The bamboos are evergreen perennial flowering plants in the subfamily Bambusoideae of the grass family Poaceae. Bamboo, like true wood, is a natural composite material with a high strength-to-weight ratio useful for structures.
In its natural form, bamboo as a construction material is traditionally associated with the cultures of South Asia, East Asia, and the South Pacific, to some extent in Central and South America, and by extension in the aesthetic of Tiki culture.
Bamboo was in widespread use in early China as a medium for written documents. The earliest surviving examples of such documents, written in ink on string-bound bundles of bamboo strips (or "slips"), date from the 5th century BC during the Warring States period. However, references in earlier texts surviving on other media make it clear that some precursor of these Warring States period bamboo slips was in use as early as the late Shang period (from about 1250 BC).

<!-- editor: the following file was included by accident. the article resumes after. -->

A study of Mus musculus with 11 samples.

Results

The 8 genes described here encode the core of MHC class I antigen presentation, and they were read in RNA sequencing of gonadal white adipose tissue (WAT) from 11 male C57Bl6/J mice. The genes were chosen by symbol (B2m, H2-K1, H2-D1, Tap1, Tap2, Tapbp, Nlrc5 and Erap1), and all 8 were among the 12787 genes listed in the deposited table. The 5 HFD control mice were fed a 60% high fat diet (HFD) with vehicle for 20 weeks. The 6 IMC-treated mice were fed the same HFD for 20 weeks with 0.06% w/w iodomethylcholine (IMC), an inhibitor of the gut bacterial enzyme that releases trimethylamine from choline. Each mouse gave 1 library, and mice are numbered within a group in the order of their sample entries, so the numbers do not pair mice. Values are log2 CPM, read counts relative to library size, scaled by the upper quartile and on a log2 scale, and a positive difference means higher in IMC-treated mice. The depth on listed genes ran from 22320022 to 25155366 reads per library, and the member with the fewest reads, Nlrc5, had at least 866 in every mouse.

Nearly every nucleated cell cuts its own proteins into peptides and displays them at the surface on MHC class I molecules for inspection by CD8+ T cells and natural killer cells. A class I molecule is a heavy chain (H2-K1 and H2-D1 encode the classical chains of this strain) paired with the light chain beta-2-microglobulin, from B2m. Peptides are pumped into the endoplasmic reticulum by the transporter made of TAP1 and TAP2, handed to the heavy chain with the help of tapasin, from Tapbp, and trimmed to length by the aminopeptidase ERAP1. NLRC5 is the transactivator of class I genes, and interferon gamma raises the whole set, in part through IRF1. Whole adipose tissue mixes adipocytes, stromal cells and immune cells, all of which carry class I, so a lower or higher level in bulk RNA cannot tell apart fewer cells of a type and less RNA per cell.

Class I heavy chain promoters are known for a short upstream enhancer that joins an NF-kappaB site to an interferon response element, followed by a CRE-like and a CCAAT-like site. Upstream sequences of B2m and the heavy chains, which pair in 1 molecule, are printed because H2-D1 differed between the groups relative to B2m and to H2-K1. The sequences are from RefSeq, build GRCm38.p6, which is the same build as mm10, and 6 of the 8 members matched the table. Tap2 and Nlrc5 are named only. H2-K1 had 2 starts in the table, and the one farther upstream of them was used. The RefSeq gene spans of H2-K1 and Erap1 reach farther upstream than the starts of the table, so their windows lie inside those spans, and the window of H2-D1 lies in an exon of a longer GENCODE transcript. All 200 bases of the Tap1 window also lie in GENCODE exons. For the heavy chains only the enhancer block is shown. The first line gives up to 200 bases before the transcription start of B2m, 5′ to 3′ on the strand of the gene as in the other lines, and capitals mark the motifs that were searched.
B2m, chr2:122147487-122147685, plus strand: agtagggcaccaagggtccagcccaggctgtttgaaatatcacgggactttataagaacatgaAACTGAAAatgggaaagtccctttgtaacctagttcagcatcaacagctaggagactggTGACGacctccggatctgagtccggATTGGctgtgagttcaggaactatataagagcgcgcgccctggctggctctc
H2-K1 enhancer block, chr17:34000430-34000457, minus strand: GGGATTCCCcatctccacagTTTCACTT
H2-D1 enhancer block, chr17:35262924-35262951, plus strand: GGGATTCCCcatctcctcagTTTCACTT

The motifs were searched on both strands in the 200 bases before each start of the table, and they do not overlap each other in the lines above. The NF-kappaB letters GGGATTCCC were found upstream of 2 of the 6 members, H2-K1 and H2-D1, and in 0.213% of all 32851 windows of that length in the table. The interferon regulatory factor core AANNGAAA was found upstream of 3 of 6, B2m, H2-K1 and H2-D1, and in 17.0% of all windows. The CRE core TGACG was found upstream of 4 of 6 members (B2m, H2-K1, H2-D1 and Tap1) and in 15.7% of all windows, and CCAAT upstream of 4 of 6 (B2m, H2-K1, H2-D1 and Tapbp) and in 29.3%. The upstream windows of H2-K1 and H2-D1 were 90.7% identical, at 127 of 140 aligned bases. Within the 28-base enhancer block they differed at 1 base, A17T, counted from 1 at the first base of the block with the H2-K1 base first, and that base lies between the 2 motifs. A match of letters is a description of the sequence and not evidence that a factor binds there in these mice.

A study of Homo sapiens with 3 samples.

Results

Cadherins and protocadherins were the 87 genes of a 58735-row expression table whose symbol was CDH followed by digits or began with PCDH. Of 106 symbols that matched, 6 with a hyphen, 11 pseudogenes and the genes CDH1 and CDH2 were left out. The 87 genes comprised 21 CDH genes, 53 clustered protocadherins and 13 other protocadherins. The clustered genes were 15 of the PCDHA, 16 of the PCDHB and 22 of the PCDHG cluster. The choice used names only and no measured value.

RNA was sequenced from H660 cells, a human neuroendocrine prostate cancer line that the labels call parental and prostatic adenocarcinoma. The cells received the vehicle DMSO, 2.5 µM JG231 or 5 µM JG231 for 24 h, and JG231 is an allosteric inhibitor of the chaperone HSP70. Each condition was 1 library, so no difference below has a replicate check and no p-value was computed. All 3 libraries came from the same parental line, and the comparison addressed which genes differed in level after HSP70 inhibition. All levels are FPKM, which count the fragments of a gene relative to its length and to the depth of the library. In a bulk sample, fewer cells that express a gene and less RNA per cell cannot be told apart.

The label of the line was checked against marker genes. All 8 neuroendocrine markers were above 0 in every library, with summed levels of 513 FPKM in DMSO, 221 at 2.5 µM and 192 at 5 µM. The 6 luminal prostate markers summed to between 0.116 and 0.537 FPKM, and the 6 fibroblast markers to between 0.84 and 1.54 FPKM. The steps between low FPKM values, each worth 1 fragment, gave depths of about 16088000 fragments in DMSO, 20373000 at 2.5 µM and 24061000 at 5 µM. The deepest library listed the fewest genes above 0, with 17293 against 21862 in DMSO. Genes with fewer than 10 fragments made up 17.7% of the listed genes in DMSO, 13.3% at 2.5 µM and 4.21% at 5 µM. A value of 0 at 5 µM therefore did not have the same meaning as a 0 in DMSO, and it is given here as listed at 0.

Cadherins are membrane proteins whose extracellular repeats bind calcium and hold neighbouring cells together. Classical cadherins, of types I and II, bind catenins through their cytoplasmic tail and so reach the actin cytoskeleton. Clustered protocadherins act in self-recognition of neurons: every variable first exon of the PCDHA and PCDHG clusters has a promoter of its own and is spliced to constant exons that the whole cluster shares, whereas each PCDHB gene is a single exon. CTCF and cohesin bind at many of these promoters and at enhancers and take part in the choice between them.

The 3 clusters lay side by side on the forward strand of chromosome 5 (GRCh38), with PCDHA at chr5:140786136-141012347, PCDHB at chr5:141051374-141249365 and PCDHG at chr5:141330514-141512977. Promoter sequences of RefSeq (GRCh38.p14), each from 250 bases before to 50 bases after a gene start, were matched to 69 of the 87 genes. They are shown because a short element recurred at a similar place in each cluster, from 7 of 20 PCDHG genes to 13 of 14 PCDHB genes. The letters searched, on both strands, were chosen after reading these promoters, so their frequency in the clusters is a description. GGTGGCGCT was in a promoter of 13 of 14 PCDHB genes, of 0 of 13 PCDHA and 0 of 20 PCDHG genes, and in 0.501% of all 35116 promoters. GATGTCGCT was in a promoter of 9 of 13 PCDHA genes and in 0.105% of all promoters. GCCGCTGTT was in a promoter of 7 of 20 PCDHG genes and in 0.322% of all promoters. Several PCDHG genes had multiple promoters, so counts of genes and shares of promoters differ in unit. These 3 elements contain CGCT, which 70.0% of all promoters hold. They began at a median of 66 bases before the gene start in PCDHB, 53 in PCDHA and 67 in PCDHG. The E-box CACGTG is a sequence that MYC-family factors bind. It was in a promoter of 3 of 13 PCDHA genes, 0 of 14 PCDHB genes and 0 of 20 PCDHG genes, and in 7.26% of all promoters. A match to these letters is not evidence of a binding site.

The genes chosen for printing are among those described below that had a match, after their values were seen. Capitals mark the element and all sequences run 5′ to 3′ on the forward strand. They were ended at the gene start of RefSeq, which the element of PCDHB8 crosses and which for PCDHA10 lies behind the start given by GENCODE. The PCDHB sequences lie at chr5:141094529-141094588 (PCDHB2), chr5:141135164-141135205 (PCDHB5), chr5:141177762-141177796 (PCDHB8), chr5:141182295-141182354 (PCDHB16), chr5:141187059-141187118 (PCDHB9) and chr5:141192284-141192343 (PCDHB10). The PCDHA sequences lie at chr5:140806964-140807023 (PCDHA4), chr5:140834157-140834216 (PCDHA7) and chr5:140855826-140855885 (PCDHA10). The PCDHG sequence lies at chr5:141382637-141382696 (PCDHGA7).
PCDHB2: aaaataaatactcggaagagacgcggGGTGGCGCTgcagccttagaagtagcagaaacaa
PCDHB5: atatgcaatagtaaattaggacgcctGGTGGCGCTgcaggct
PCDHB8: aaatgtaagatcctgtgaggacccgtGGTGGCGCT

Bamboo fiber has been used to make paper in China since early times. A high-quality, handmade paper is still produced in small quantities. Coarse bamboo paper is still used to make spirit money in many Chinese communities.Bamboo pulps are mainly produced in China, Myanmar, Thailand, and India.
In Chinese culture, the bamboo, plum blossom, orchid, and chrysanthemum are collectively referred to as the Four Gentlemen. These four plants also represent the four seasons and, in Confucian ideology, four aspects of the junzi ("prince" or "noble one"). The pine, the bamboo, and the plum blossom are also admired for their perseverance under harsh conditions, and are together known as the "Three Friends of Winter" in Chinese culture. The "Three Friends of Winter" is traditionally used as a system of ranking in Japan, for example in sushi sets or accommodations at a traditional ryokan. Pine is of the first rank, bamboo is of second rank, and plum is of the third.